Rose Mofford

Rose Mofford, the first woman to server as Governor of Arizonia, has died. She passed away this morning at a hospice in Phoenix.

She was moved to a hospice as a precaution on August 31, after a serious fall at her home. She was recovering and “in good spirits” yesterday while recovering, but her health took a sudden turn for for the worse.

Mofford was 94:

Mofford, then secretary of state, took over the top office in 1988 after Gov. Evan Mecham was impeached for obstruction of justice and misuse of funds. Mofford was 94 years old.

Rose Mofford made history as Arizona’s first female governor, but her hairdo was equally legendary.

Well into old age, she continued to wear her trademark swirl of white hair piled high in a French roll that made her an easy caricature for political cartoonists, bobblehead makers and her own Christmas cards, and instantly recognizable as an Arizona icon.

She was the embodiment of old Arizona, where Republicans and Democrats could be civil and work together. She ran a tight, efficient office and is credited with bringing stability to the state at a rough time with grace and wit.

“When the state desperately needed healing, she stepped in,” recalled Athia Hardt, who served as Mofford’s press aide when she was suddenly catapulted to the Governor’s Office following Mecham’s impeachment. She called herself “Mother Mofford,” and fulfilled that role both as a stern parent, when needed, and as a caring individual, Hardt said.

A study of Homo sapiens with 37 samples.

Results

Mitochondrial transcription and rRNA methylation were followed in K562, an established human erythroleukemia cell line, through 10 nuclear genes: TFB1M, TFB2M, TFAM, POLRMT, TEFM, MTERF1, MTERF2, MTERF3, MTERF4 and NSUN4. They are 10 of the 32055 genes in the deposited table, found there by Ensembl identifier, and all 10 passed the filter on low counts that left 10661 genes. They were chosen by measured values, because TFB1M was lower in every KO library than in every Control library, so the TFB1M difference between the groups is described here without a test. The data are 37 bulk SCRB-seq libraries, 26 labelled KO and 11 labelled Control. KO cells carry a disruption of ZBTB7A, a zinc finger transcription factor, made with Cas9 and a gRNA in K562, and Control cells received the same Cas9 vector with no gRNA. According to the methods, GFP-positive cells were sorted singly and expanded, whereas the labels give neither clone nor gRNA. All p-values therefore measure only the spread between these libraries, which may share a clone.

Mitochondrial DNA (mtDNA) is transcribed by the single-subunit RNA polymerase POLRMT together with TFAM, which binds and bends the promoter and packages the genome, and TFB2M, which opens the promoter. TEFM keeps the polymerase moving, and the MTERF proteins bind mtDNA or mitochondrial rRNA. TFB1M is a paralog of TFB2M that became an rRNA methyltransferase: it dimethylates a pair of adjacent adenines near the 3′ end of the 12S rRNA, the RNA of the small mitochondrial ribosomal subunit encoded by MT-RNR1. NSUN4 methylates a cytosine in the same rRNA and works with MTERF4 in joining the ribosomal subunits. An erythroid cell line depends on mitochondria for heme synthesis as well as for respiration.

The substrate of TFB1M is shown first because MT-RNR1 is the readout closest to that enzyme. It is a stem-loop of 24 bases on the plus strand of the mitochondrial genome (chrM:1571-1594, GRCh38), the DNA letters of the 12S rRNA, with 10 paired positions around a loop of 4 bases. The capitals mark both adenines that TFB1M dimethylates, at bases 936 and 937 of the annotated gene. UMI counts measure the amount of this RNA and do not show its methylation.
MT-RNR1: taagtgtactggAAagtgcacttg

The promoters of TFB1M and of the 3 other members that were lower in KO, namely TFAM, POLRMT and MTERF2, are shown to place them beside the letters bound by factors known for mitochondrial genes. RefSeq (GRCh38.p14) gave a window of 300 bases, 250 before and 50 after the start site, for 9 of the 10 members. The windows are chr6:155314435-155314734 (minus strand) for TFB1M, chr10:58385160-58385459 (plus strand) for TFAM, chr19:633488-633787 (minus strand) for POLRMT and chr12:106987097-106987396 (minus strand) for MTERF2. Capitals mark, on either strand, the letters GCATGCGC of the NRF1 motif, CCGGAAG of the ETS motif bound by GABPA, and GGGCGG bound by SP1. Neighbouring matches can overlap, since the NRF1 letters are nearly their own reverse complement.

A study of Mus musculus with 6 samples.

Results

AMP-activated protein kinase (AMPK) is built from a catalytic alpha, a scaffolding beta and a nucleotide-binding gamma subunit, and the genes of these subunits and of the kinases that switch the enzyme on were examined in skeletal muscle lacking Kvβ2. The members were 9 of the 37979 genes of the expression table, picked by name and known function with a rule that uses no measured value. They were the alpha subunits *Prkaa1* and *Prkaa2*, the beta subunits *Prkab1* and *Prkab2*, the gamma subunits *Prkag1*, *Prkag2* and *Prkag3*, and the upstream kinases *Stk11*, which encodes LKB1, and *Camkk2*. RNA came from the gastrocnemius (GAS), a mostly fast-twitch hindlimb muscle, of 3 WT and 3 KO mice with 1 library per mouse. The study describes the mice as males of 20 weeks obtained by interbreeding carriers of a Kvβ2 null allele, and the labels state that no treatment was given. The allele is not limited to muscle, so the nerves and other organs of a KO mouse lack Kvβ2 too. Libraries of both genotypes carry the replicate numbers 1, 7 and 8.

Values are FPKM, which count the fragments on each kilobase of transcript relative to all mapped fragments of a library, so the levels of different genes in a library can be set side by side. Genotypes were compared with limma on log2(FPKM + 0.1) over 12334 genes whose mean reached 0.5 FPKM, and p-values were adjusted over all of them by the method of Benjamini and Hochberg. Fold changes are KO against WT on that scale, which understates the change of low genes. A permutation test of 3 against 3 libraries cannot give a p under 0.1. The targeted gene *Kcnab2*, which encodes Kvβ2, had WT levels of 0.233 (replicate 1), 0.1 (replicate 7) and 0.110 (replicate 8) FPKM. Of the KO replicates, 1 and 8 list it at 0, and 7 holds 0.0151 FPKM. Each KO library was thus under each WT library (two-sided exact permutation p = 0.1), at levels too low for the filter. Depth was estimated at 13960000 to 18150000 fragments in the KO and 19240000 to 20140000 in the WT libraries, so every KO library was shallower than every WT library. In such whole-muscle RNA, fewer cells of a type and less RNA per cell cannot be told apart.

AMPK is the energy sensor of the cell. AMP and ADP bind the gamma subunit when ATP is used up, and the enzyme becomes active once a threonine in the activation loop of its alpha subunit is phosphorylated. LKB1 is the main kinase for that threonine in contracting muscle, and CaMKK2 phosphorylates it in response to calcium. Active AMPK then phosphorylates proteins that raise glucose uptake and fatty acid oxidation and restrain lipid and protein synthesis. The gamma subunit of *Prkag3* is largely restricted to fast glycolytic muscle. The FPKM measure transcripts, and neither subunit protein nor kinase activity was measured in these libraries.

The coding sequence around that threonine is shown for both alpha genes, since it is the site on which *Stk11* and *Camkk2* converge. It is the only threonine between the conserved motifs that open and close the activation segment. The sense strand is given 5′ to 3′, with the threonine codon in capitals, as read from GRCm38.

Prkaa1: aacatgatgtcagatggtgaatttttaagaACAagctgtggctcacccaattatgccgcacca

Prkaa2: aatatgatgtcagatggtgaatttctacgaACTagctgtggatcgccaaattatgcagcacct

Mofford retired in 1991 after 51 years in state government, but never lost interest in state affairs. “As recently as a few months ago, she was still calling on my cell phone every so often when she saw something in the newspaper she didn’t like or about something political,” Hardt said.

Mofford started in state government as a secretary, beginning right out of high school, and then tirelessly did charity work.

She lived in the same house near Central and Maryland avenues in Phoenix for 50 years, even through three years as governor when her security detail thought she would be better off somewhere else.

It was her neighborhood, she insisted. Her Arizona. Her people. Her home number was listed, and always had been. She lived by simple rules.

“Let your word be your bond,” Mofford said often. “If you say you are going to do something, do it, and don’t make excuses.

“Be a good listener. Learn to listen and to listen to people’s suggestions. Learn from the people around you.

“And treat everyone with dignity.”

Repotedly, Mofford once attributed her success to her “roots, religion and Rolodex.”

She started building up that paper Rolodex with her first job in state government in 1940, eventually collecting 4,000 names and addresses in four green metal Rolodexes. By 2011, she was down to just two Rolodexes and about 2,000 cards.



Let us pray for Mofford’s family during this difficult time. RIP.